Cultural Improvement Takes Work
Klaus M. Blache | February 16, 2018
Q: Why is improving culture so difficult and so important?
A: For as long as I can remember, culture has been, simultaneously, the top roadblock and leading opportunity for large implementations and ongoing improvement. In simple terms, culture is what your employees do when they think that you are not watching.
Many labels have been used to describe factors that make cultural change difficult. The top three are fear of change (lack of confidence), lack of trust (people need time to accept a new concept), and lack of a clear communication/understanding of why the change is necessary (what the future state looks like).
Results analyses, case studies, and related headlines continue to make statements such as:
• Culture is the main reason we are not making faster progress.
• Culture accounts for a large percentage of ROI.
• There is too much employee resistance to process change or introduction of new technology.
I have found that people, in general, don’t resist change. What they resist is the impact it has on their work and personal lives. This is where employee involvement in developing workable solutions is rightfully discussed.
A mature culture requires trust and can take many years to develop; more than five years if the culture is ingrained. However, it can very quickly be destroyed without ongoing daily support. Trust and credibility need to be earned. They don’t just happen.
There are exceptions. You often read about the one-year cultural turnaround of employees at NUMMI (New United Motor Manufacturing Inc., a joint venture between GM and Toyota in California) after Toyota took over the General Motors plant. What’s usually not mentioned is that the previous plant closed and this venture was the primary opportunity for workers to stay employed at their current wage levels. You can get cultural change in a year if everyone is standing on a burning platform.
In saying this, I’m not discrediting anything that happened at NUMMI. Toyota sent hundreds of coaches to make lean manufacturing work, but also wanted to learn more about dealing with American workers. Early in my career, while I was a manager at GM Corporate Industrial Engineering, I volunteered to work the production line several times to better understand the workforce and had numerous discussions with various levels of management. These efforts allowed me to confidently state that the people and manufacturing processes worked.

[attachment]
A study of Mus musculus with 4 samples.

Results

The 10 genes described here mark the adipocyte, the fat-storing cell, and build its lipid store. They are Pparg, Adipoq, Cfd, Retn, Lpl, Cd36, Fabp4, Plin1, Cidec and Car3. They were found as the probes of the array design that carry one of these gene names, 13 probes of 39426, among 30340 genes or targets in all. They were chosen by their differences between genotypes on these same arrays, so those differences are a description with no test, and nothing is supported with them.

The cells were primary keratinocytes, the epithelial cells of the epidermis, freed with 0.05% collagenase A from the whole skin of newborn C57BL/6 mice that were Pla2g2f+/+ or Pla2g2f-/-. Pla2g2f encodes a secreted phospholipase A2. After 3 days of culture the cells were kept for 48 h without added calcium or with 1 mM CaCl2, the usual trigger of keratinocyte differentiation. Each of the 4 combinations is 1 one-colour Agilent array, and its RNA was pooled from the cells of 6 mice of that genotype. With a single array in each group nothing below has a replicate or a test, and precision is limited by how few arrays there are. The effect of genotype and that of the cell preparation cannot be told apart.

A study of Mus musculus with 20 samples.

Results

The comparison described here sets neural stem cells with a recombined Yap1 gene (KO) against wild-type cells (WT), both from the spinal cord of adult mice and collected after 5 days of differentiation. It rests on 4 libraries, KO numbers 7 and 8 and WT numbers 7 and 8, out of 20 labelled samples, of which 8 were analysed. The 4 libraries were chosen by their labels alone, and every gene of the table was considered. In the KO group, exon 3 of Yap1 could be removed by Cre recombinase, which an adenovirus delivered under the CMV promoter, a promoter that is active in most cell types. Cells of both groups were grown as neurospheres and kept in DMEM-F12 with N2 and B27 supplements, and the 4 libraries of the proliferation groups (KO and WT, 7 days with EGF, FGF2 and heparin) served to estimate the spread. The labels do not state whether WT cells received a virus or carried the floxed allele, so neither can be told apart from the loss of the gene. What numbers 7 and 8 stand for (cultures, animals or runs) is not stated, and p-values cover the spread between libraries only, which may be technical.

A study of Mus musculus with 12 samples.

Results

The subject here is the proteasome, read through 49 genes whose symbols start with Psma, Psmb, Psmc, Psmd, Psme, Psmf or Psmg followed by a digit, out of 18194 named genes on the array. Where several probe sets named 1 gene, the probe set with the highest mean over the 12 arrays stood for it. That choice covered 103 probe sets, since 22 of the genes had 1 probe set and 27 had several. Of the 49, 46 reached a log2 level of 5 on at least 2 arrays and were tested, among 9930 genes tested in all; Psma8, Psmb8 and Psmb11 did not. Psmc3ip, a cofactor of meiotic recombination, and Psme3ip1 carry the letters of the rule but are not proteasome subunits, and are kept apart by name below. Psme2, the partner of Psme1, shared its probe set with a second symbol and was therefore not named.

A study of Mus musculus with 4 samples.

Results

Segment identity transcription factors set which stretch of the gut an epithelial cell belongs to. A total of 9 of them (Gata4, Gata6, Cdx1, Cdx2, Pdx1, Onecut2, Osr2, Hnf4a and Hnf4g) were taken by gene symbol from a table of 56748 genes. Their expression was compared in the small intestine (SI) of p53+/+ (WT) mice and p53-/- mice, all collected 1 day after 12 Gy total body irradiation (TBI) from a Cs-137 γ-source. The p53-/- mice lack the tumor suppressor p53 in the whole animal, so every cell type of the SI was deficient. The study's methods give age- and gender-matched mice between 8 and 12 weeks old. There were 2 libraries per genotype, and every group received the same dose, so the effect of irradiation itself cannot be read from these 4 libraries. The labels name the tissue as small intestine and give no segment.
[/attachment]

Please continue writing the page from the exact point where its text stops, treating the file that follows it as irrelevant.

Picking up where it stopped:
When I conduct reliability and maintainability assessments, understanding the current state of the existing culture is one of the key elements. Some of the other 15 elements we use are work management, standardized work, continuous improvement, and equipment process design.
In the graph above, the lines show a comparison of assessment results from multiple plants in three companies. The company represented by line AB has a high correlation (R2 = 0.73) between process reliability and organizational culture maturity. The organization represented by line CD started with the same challenging culture as company CE but, through an increased people focus, will reach cultural and reliability maturity (and realize related performance benefits) much faster than company CE.
Planning for and tracking your cultural progress can be accomplished by comparing multiple plants or the same plant over time. While you still need to have efficient and effective processes in place to be competitive, a better culture will get you there much faster.
In their book, Corporate Culture and Performance, authors J. P. Kotter and J. L. Heskett found that, over a 10-yr. period, companies had reached cultural and reliability maturity realized revenue increases of 682% versus 166%, net income growth of 756% versus 1%, stock-price increases of 901% versus 74%, and 282% job growth versus 36%.
It’s also not surprising that one of the key Toyota Principles is about becoming a learning organization through relentless self-examination and continuous improvement. Cultural improvement will always be difficult to enable and sustain. But those who understand it and embrace it will have greater success in business performance. EP
Based in Knoxville, Klaus M. Blache is director of the Reliability & Maintainability Center at the Univ. of Tennessee, and a research professor in the College of Engineering. Contact him at firstname.lastname@example.org.